In the latest twist to the political turmoil, influential cleric Muqtada al-Sadr has urged the judiciary to dissolve parliament by the end of this week to pave the way for new legislative elections.
But the judiciary replied that “the Supreme Judicial Council has no jurisdiction to dissolve parliament”, citing “the principle of a separation of powers”. According to the constitution, parliament can only be dissolved following a request by one-third of deputies or by the prime minister with the approval of the president.
Nearly 10 months after the October elections, Iraq still has no government nor new prime minister or new president, due to repeated disagreements between rival factions over forming a coalition. It is the longest political impasse since the 2003 U.S.-led invasion that reset the political order.
Members of al-Sadr’s parliamentary bloc resigned but instead of allowing his rivals — the Coordination Framework — to form a government, al-Sadr has demanded early elections.
Nevertheless, “the Supreme Judicial Council does not have the authority to dissolve parliament,” Al Jazeera wrote, adding it cannot “interfere in the work of the legislative or executive authorities”.
As a consequence of the political impasse, all sessions of the assembly were canceled until further notice, halting efforts by the Coordination Framework to form the next government after al-Sadr’s failure.
Followers of al-Sadr stormed the parliament on July 30 and have since been holding a sit-in outside the assembly building in Baghdad, the Iraqi capital.
Hours later, supporters of Iran-backed groups opposed to al-Sadr rallied on the fortified Green Zone, where parliament and foreign embassies are located, insisting they should form the new government based on the October election.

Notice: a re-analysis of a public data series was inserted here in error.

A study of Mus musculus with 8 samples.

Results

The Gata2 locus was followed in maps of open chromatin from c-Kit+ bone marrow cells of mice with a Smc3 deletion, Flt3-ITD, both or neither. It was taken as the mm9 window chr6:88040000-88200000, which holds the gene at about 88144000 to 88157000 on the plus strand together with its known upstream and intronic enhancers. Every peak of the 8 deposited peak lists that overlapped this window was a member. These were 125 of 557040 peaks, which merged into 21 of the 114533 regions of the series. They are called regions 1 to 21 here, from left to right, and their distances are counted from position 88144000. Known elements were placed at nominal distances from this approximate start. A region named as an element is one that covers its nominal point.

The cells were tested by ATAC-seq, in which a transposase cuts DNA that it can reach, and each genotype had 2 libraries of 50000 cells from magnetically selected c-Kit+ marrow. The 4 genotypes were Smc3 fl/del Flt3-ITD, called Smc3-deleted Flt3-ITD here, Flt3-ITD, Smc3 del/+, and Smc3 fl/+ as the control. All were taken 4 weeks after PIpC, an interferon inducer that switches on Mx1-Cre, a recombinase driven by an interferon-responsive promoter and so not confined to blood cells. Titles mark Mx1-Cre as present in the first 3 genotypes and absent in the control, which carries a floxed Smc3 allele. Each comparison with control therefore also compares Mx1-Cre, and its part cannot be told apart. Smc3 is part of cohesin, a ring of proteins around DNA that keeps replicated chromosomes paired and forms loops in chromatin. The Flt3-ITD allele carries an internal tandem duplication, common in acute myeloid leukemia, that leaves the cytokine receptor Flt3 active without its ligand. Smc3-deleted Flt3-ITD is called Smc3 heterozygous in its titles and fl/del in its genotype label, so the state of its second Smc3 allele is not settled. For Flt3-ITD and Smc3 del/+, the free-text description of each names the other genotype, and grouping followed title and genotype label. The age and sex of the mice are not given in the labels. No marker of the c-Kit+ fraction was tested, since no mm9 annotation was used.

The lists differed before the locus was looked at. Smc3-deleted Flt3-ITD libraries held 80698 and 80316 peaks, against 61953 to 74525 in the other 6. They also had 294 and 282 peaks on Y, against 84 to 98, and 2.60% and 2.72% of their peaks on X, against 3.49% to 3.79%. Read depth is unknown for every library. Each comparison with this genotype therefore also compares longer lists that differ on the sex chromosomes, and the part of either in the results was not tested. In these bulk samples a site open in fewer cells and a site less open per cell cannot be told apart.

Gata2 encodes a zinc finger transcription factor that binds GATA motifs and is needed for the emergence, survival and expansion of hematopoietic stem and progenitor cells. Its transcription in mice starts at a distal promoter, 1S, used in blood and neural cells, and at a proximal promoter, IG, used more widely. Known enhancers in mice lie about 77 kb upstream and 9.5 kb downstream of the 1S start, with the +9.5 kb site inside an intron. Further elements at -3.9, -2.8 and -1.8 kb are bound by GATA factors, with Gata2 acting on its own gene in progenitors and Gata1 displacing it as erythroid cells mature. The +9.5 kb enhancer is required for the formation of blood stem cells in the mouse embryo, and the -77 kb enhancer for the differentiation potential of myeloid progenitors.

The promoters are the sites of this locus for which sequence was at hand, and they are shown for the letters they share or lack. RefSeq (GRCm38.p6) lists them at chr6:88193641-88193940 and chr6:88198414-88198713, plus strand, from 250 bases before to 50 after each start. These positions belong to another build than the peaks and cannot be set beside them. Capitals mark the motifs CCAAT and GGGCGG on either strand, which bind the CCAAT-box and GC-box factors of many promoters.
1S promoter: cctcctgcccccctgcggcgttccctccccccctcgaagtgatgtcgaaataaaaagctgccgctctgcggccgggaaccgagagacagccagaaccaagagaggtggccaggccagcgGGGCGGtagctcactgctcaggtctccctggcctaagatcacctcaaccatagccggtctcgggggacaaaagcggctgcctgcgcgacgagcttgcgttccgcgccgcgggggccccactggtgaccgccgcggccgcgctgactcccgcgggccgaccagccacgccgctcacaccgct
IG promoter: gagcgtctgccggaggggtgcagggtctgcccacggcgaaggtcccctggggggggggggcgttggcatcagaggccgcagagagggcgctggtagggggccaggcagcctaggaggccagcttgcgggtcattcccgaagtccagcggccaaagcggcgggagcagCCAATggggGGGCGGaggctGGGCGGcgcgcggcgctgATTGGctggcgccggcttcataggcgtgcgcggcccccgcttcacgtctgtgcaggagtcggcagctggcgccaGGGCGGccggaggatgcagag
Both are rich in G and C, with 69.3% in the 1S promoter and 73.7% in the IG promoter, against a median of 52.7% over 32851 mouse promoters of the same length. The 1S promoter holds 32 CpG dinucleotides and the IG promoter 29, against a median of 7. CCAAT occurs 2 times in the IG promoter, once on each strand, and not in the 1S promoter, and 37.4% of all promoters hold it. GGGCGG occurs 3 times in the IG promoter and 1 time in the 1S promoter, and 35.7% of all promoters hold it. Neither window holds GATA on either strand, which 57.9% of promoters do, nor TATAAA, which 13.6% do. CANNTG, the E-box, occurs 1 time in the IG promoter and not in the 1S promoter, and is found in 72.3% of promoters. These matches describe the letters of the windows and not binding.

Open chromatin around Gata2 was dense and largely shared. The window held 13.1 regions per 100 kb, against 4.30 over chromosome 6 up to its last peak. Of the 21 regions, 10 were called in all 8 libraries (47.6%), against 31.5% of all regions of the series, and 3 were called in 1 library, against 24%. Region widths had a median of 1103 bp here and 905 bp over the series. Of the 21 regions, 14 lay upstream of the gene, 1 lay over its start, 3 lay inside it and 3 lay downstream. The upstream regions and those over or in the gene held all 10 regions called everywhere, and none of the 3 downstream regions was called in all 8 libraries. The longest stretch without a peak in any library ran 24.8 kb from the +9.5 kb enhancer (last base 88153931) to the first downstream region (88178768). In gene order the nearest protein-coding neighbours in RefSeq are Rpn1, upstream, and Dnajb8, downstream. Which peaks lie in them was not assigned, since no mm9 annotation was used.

On Twitter, Saleh Mohamed al-Iraqi, a close associate of al-Sadr, said it was time to show “which of the two sides has the most support” among the Iraqi people, calling on al-Sadr’s supporters to rally in Baghdad for a “million-man demonstration”.
The rivalry between the two sides reflects the deep divisions within Iraq’s Shia community. Unlike Iran-backed groups, al-Sadr wants better ties with Arab countries, particularly Sunni powerhouse Saudi Arabia, which is Iran’s main rival in the region. Al-Sadr has also been a harsh critic of widespread corruption in the oil-rich country destroyed by decades of US-led war, which resulted in an impoverished majority and a lack of basic services.
Changing electoral rules?
Even if the Shia rivals were to agree to hold elections, fundamental differences remain about electoral rules, Al Jazeera noted.
Al-Sadr wants to maintain the current election law, which is the one that in the October election led his party to obtain the majority of the seats in the Parliament.
The law provides for the division of Iraq into 83 electoral districts, benefiting parties with a strong grassroots base like that of al-Sadr, who grew his seat tally from 54 to 73, while the Iran-backed parties saw a decrease from 48 to 16. For this reason, on the other hand, the Coordination Framework wants the law to be amended.
However, the parliament building is closed as hundreds of al-Sadr’s followers are camped outside, preventing parliamentarians from entering. But the debilitating political gridlock has further weakened Iraq’s government and ability to provide basic services such as water and electricity. Unable to pass a budget law, Al Jazeera describes how “the government has resorted to stop-gap measures to fund urgent expenses such as food and electricity payments to neighboring countries”, while crucial investments, including in water infrastructure, have been stalled.